I’m not sure what sort of cultural mishmashmushing went on to bring the Mongolian BBQ style of restaurant to my neighborhood here in the U.S., but I’m grateful for it.
For those who aren’t familiar with these little dining gems, the prototypical Mongolian BBQ that I’m familiar with is a pretty loose, customer-driven sort of place. Diners take a bowl and fill it with whatever they feel like from a food bar. This usually means some hodgepodge of vegetables, some noodles, some thinly sliced meats and some sauces. These are then given to a cook who drops the mess on a big round cooking surface and proceeds to stir up the goods as they make a couple of circuits around the hotplate. It doesn’t take long, and in pretty short order, the cook hands the customer a new bowl with their neatly prepared meal.
There’s not much protocol to this experience. Diners take what food they want and pile it as high as they like. Most MBBQ places offer a couple of bowl sizes for differing appetites, but it’s all the same; give the customer a bowl and let them go to town. Maybe George over there is a vegetarian, so he piles on the carrots, water chestnuts, celery and mushrooms, tops it with noodles and some sauces. Maybe Junie over here loves chicken stir fry and collects some peppers, bean sprouts, celery and chicken slices, skipping the noodles, planning on putting it on rice instead. Maybe Dafydd is a meat lover and just throws in noodles, pork, chicken, beef and some lemon sauce. It’s a nice freeform menu.
The fun part is that the cooks don’t particularly care. They do the same thing for every customer. They plop the food on the hotplate, stir it around a bit with a professional flourish, make sure the meats cook enough, and serve the goods in the same old bowls that everyone gets. It’s a remarkably low-impact process for the providers; they prepare the food for the gathering bar and then just cook whatever people collect.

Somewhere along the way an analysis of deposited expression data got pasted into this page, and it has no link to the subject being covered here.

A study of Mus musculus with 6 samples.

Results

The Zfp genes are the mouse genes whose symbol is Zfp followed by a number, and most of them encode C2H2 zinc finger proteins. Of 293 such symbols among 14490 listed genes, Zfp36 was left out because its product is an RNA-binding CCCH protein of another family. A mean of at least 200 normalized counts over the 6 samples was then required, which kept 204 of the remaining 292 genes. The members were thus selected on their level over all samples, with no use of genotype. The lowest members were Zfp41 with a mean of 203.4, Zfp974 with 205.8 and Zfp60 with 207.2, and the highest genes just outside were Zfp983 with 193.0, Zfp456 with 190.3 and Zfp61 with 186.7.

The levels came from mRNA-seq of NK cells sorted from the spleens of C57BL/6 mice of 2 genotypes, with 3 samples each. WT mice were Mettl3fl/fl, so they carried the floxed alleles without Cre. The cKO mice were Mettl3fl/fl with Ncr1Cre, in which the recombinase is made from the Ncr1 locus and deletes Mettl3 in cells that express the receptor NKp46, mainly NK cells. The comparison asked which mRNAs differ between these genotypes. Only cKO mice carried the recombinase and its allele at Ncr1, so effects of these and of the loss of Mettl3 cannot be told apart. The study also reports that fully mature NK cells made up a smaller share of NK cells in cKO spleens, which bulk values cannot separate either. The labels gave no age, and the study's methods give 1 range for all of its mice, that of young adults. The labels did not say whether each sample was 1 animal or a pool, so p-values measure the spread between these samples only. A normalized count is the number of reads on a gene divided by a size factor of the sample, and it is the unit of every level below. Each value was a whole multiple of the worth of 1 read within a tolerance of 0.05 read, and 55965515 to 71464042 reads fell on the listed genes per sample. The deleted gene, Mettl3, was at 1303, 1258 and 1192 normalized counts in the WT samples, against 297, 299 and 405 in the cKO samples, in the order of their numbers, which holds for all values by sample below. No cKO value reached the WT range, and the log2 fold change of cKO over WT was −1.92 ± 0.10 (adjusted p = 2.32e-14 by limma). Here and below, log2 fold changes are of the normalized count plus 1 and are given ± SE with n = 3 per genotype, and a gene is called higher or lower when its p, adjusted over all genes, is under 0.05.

And yet, there’s a marvelous variety in possible meals. Sure, it’s almost always going to be something at least vaguely Oriental instead of a big old T-bone steak or curry cupcakes, but even within that controlled chaos, based on a couple dozen ingredients, there’s a ton of room for customer choice.
In game design terms, then, the devs do the same thing for everyone, but the experience is largely up to the customer, because they are given a lot of control over what parts of the game engine and content they want to partake of. This is the design space Minecraft occupies. It sets some ground rules, gives players tools, operates by some consistent rules, and then just lets go of the reins. DC Universe Online apparently has some significant customization options, something that makes a lot of sense in a world where everyone is a Hero.
In the dance between Order and Chaos, then, sometimes it pays off to embrace a little chaos. If the dev process is the same for everyone (low chaos for the production team, which is nice for a budget and schedule), and the player brings their own agency to the table, crazy fun things can happen. I think you need to set bounds, to be sure, so that you don’t wind up with complete chaos, but still, players will naturally want to do their own thing. That’s one of the big selling points of games over movies or books. I think that impulse should be leveraged, not suppressed. It’s hard sometimes to let go and let players play, especially in a multiplayer venue, but then, that’s when emergent gameplay and awesome weird stuff happens.
It certainly works well for the Mongolian BBQs of the world. Yes, some people will always want Wendy’s or TGIF, but then, there’s nothing saying you can’t have both, just for different meals.